Life Through Dance
The Neuroscience Behind the Power of Connection
By Elizabeth Dickinson
To create a good ballroom dance connection, there's a lot of information partners need to know—what parts of the body touch, how the lead communicates what he wants the follow to do, the stance of each person, and the etiquette of the ask. It's definitely a two-way street. Each person needs to do their part.
In life, a good connection is established by creating a space that is respectful and free of limiting perceptions. Establishing this space is easy when things are going well—when you like the person, when there are no emotional challenges, and so on.
In her wonderful TED talk, therapist Hedy Schleifer shares the neuroscience of why connection matters and how to achieve it.
According to Hedy, the brain is the only organ in the body that does not regulate from within. In other words, it regulates, in a sense, from the outside—through another brain. When we encounter or try to establish a good connection with another person, our brains start to resonate with each other and our central nervous system begins to calm down.
It turns out we need each other for self-regulation. Relational neuroscientists have discovered that when we feel compassion and empathy and resonance with another person, our mirror neurons activate and create new neural pathways that give us the capacity to be in relationship, to become more relationally intelligent.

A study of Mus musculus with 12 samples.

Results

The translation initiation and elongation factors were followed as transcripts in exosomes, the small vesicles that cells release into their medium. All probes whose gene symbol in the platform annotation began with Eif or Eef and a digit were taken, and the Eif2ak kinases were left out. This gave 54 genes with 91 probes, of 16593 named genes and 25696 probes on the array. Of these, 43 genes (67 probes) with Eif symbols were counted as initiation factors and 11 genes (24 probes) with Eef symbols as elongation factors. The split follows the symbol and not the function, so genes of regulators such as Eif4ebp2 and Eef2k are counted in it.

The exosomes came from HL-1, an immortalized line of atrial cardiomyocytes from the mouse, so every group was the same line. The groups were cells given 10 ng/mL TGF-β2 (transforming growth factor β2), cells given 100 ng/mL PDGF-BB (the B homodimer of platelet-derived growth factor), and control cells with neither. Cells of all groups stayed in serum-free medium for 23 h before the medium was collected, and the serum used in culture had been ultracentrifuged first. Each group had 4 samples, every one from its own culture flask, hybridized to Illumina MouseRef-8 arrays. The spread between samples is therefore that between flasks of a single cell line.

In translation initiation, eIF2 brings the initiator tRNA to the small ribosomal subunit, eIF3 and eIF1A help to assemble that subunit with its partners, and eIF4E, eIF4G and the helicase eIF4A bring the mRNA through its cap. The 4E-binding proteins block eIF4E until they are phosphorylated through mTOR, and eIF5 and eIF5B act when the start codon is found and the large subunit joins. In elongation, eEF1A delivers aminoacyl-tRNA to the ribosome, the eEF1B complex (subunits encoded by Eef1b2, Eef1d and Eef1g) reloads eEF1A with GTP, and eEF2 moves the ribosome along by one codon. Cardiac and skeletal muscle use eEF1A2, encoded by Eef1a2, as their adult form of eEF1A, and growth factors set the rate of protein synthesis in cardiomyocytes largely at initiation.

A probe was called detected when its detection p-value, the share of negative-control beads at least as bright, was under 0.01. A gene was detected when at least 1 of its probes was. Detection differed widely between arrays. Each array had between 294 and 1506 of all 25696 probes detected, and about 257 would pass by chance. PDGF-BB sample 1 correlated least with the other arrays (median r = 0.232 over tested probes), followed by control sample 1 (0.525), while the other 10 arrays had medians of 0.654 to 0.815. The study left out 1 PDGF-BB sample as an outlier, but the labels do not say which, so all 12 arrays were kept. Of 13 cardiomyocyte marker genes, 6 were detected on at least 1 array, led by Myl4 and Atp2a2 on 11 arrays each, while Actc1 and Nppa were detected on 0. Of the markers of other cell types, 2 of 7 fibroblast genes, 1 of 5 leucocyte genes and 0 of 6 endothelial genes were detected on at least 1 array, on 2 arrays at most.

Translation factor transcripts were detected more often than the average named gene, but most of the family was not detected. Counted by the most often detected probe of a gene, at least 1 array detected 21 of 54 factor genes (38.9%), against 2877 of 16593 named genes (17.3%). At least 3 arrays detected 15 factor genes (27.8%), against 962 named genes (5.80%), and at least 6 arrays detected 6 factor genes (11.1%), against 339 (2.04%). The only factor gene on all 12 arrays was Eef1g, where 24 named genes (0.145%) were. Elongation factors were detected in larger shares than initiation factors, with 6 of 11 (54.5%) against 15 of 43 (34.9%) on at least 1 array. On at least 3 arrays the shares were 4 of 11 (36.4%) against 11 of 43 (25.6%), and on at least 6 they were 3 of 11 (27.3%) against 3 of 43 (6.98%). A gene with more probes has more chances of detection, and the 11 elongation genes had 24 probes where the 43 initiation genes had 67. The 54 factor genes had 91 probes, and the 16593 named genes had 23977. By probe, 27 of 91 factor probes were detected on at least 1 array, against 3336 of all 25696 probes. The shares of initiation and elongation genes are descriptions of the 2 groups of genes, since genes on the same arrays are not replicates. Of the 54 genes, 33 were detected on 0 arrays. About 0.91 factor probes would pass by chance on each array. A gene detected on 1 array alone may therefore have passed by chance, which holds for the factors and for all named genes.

But how do you create a respectful space when there are messy emotions in the way? You can't do it by suppressing or denying the messy emotions, but if you're committed to creating a good connection, you can make a deal with yourself to set them aside, at least temporarily.
The example Hedy gives is connecting with her mother who had been her hero, having escaped from Germany while pregnant with Hedy during World War II. Decades later, her mother was confined to a wheelchair and suffering from dementia, unable to recognize Hedy. Overcome with grief, sadness, and anger, Hedy realized she was not actually visiting her mother.
She was with her own emotions, polluting the space between them. When she realized this, she decided to cross the bridge into her mother's world, leaving her conflicted emotions behind. And then a small miracle occurred; in the sacred, clear space where Hedy could really see her mother, her mother could also see her. For the first time in months, her mother said, "You are my daughter," and wiped away Hedy's tears. It was a profound healing.
Partner dancing demands we be in a relationship with another person. Life demands we be in relationships with other people. We need each other to exist and have a life worth living.
We can create pollution in our space, or we can create clean spaces that honor the spark of divinity and humanity in all of us. It's up to us to choose wisely. And miracles can occur.